The church was built between 1892-1895 and replaces and older church that was demolished in 1885. This new brick building was constructed in a neo-Ghotic style. The interior was restored carefully in the 20th century and the church became a protected heritage site in 1966. The parsonage located behind the church is also protected heritage.
The building process of the current church is a story on its own. In 1843, after a significant population boom, the public felt that the old church was too small. The first plans that involved an extension were rejected. In 1877 the next set of plans comprising a completely new building turned out to be too expensive. Another set of plans created in 1881 were met with resistance. They included the demolition of the old church and the Commission for monuments and landscapes at that time was opposed to this.
However, in 1885 a permission for demolition was obtained. The construction of the new building started soon after that but was almost immediately shut down when cracks and tears in the walls started to appear. A year later this rudimentary construction was knocked down and the search for a new building site commenced. The planned location of the tower also shifted to the southeast corner of the building.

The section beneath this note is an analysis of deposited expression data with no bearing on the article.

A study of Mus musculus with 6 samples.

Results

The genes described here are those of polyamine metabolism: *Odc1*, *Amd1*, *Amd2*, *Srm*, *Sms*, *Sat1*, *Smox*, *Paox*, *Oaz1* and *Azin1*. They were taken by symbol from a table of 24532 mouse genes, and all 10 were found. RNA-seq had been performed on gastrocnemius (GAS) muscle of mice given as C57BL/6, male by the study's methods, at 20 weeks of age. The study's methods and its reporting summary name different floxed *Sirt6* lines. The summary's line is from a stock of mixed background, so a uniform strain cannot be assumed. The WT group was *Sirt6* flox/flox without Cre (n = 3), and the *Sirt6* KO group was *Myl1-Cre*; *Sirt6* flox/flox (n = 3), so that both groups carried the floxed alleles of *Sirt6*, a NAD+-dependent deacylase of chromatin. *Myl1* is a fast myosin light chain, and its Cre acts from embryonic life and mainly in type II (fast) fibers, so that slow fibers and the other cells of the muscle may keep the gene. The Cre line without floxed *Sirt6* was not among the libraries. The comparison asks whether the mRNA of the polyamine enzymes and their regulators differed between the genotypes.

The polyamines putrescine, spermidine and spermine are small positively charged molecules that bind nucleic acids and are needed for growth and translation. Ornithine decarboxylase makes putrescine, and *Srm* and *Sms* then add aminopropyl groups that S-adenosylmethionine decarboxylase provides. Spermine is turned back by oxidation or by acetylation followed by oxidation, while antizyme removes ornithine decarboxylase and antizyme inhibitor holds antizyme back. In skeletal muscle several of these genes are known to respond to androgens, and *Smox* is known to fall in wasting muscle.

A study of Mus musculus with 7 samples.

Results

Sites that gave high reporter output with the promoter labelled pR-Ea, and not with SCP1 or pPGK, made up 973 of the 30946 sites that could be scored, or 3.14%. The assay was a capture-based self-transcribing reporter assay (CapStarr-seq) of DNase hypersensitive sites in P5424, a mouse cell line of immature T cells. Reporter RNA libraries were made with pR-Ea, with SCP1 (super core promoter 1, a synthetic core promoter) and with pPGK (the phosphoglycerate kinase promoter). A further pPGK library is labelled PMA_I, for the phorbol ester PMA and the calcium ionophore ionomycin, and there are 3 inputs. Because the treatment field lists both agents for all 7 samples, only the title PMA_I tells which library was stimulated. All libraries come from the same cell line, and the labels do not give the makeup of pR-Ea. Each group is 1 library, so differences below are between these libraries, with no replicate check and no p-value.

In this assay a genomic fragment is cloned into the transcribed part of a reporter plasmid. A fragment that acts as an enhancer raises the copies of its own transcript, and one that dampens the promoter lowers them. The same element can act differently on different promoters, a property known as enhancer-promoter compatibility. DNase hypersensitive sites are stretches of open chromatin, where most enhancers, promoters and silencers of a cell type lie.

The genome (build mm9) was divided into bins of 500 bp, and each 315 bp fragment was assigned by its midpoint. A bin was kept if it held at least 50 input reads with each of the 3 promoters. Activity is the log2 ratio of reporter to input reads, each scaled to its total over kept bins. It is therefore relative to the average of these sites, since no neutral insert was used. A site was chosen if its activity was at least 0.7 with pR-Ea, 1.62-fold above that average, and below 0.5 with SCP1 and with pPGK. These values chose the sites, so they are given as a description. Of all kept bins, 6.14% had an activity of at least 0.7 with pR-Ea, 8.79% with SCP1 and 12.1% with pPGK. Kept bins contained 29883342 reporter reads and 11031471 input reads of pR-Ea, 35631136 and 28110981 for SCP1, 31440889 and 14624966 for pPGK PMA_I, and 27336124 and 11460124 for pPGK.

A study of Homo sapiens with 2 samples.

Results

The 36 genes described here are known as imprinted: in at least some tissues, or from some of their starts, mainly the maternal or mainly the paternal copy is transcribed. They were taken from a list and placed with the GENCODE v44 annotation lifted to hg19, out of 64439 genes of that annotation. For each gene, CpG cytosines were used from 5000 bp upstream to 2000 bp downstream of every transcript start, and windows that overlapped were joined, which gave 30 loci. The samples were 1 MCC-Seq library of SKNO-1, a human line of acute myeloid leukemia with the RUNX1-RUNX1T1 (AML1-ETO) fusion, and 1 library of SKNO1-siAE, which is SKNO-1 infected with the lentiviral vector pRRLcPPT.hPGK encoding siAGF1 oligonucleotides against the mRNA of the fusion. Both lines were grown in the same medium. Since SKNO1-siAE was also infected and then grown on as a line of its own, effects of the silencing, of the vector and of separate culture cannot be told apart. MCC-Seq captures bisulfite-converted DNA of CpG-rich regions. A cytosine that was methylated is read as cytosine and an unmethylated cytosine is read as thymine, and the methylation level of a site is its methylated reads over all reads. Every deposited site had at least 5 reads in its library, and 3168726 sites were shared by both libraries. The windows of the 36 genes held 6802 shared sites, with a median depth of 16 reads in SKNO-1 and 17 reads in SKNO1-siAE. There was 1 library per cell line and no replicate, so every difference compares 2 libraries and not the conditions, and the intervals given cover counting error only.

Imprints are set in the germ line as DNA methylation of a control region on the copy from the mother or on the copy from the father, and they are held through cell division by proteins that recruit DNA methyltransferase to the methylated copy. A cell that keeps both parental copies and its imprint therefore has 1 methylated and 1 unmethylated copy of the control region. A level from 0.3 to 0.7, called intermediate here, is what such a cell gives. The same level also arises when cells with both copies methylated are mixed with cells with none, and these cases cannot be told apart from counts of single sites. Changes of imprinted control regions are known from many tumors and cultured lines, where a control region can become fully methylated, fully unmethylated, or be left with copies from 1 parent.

The parish prides itself on a couple of interesting decor elements: the sacrament tower, the altarpiece of the main altar, the restored Vereecken organ, the altarpiece of the week chapel and the pulpit. The neo-Ghotic painting by the brothers Buysse dates back to 1913. The stained glass was restored and the organ was also subjected to a number of restorations, one of those by Gabriel Loncke, to make it ready to play for services and concerts.